Researchers recently examined whether or not some virus families are better able to jump across species boundaries and emerge in new hosts than others.
Viruses cross between host species more frequently than previously thought, and this seems to play a key role in virus evolution, a new study suggests. Although the researchers found cross-species transmission to be common among all the viruses they studied, it occurred most frequently among the DNA viruses, including hepadnaviruses, polyomaviruses, poxviruses, papillomaviruses, and adenoviruses.
Jemma L. Geoghegan, PhD, from the University of Sydney, Australia, and colleagues published the results of their study online in PLOS Pathogens.
According to senior author, Edward C. Holmes, PhD, FAA, there has been much recent interest among researchers as to whether it is possible to predict aspects of disease emergence: “Can we second guess what types of virus might emerge, from what animal hosts, and in what parts of the world, to cause a novel human disease?”
As a consequence, Professor Holmes and his team decided to examine one aspect of this—namely, whether some virus families are better able to jump across species boundaries and emerge in new hosts than others.
The researchers analyzed gene sequence data for viruses from 19 families that infect a range of hosts such as mammals, birds, fish, amphibians, reptiles, insects, and plants. They then compared the evolutionary histories of these viruses and their host species.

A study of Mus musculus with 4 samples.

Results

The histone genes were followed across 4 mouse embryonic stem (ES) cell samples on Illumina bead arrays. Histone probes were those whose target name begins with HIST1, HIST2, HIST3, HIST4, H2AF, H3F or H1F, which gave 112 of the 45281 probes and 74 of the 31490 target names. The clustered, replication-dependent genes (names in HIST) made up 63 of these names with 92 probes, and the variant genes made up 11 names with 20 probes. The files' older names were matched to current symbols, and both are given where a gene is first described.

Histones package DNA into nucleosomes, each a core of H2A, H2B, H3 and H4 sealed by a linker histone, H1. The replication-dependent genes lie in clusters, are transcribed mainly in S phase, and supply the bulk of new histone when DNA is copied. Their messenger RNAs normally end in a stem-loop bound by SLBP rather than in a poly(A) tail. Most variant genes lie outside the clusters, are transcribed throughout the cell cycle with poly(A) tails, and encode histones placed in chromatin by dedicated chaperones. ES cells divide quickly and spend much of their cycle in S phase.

Unexpectedly, the researchers found that all of the virus families studied were able to jump species boundaries on a regular basis. “The frequency of host jumping was generally so frequent among all the virus families that it was really impossible to come to clear prediction of what viruses pose the greatest risk and are most likely to jump species boundaries and emerge in new hosts,” said Professor Holmes in an interview with Contagion®.
Nevertheless, he emphasized an important general finding in their study: RNA viruses (viruses with RNA genomes, including Zika, Ebola, and influenza viruses) were, on average, better able to jump species boundaries than those with DNA genomes (such as herpes and pox viruses) were. “This does make sense as most of the virus epidemics we know about are caused by RNA viruses,” explained Professor Holmes.
Overall, the high frequency of cross-species virus transmission found in this study makes it difficult for scientists to predict what virus might emerge next, he stressed.
Because their data suggest that sampling more viruses increases the odds of detecting host-jumping events, Professor Holmes added that their next main goal is to survey as much of the viral universe—the virosphere—as possible. “As we sample more, I am confident that we will find many more cases of host jumping,” he said.
“It is clear that we are only just scratching the surface of the known viruses that are present in nature. My guess is that we have sampled much less than 1%,” Professor Holmes concluded. “Clearly, to get a better understanding of virus biodiversity and evolution we need to sample more. This may also reveal viruses that could emerge in humans.”
Dr. Parry graduated from the University of Liverpool, England in 1997 and is a board-certified veterinary pathologist. After 13 years working in academia, she founded Midwest Veterinary Pathology, LLC where she now works as a private consultant. She is passionate about veterinary education and serves on the Indiana Veterinary Medical Association’s Continuing Education Committee. She regularly writes continuing education articles for veterinary organizations and journals, and has also served on the American College of Veterinary Pathologists’ Examination Committee and Education Committee.